What: Shares of Dick's Sporting Goods (NYSE:DKS) dropped 12.4% last month, according to S&P Capital IQ data. Investors checked out after the sporting-goods retailer delivered a poor third-quarter earnings report, and disappointing guidance for the critical holiday quarter.

DKS Chart

DKS data by YCharts.

So what: Dick's third-quarter revenue and earnings of $1.64 billion and $0.45 fell short of Wall Street's expectations of $1.66 billion and $0.46. Same-store sales edged up only 0.4%, below the 1.9% analysts were modeling. Worse still, management slashed its full-year outlook to $2.85 to $3.00 a share, down from its previous forecast of $3.13 to $3.21, and below the $3.18 analysts were projecting.

Warm weather hurt sales of Dick's seasonal categories, said CEO Edward Stack in a press release, and he expects "a more promotional environment" in the fourth quarter. That will likely put pressure on Dick's profit margins in its most-important quarter of the year.

Now what: With the sporting-goods retailer now down more than 20% on the year, and trading near multi-year lows, some investors are beginning to look at Dick's Sporting Goods as a value play. I would urge caution, however, with such an approach.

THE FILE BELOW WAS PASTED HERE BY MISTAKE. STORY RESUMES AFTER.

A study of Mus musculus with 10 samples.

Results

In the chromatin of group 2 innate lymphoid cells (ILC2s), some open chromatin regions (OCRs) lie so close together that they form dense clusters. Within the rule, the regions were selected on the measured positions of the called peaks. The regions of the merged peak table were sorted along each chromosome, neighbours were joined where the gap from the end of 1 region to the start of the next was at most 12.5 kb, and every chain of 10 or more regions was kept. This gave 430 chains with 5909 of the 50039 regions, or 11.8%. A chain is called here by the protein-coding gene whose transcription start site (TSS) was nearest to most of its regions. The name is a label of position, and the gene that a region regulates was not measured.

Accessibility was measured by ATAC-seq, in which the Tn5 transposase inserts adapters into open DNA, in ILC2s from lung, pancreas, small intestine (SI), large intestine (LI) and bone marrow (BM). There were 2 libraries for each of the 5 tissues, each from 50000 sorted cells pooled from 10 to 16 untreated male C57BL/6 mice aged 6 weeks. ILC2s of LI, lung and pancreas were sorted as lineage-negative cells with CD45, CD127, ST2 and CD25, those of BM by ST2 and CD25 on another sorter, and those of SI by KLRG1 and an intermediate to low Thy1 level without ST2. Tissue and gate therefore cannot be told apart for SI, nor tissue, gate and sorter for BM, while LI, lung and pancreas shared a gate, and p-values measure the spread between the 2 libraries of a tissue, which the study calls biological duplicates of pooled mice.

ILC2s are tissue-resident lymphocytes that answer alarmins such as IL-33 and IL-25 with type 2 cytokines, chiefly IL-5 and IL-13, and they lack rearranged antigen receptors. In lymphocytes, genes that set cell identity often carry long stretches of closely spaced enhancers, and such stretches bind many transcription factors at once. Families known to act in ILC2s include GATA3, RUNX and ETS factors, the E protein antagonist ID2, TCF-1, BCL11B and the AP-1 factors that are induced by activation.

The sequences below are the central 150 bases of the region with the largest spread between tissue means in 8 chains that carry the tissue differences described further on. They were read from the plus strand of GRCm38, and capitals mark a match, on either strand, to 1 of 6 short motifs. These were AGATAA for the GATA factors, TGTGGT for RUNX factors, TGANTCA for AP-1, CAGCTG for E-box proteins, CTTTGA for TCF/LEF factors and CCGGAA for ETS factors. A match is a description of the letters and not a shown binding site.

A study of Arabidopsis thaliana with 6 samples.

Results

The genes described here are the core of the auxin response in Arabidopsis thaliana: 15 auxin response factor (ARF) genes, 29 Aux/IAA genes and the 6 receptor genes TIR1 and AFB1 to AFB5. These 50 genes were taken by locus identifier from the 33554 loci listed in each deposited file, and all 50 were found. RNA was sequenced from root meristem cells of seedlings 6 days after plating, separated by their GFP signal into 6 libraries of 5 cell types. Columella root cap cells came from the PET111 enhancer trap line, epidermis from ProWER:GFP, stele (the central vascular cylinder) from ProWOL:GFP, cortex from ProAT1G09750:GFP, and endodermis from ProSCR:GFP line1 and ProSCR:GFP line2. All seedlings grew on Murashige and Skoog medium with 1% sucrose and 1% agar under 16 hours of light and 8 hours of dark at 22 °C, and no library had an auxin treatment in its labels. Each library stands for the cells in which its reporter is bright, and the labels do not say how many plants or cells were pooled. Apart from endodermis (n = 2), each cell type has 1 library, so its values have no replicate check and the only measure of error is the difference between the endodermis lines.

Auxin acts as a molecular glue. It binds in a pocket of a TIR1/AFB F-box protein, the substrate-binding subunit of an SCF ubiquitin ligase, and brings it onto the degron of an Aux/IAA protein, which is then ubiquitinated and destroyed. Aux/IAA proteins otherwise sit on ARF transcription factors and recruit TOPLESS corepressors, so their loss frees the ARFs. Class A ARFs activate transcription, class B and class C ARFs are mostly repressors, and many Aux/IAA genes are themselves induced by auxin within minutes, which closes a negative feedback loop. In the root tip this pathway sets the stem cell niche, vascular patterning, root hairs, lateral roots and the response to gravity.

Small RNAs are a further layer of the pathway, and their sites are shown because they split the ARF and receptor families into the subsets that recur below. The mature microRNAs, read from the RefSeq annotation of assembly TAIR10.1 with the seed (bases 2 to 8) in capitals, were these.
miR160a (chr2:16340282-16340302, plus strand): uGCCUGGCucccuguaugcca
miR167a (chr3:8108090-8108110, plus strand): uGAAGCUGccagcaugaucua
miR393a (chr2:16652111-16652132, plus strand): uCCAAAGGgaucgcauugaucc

Many of the problems facing the company are structural in nature. The main concern is that, as a primarily brick-and-mortar retailer, Dick's Sporting Goods is at a cost disadvantage to e-commerce retailers. In addition, its two major suppliers, Under Armour (NYSE:UAA) and Nike (NYSE:NKE), are steadily growing their direct-to-consumer operations, making them less reliant on Dick's with every passing year. As such, for investors looking for an investment in the athletics goods space, they may be best served by passing on Dick's Sporting Goods in favor of one -- or both -- of these sports apparel titans.

Joe Tenebruso has no position in any stocks mentioned. The Motley Fool owns shares of and recommends Nike and Under Armour. Try any of our Foolish newsletter services free for 30 days. We Fools may not all hold the same opinions, but we all believe that considering a diverse range of insights makes us better investors. The Motley Fool has a disclosure policy.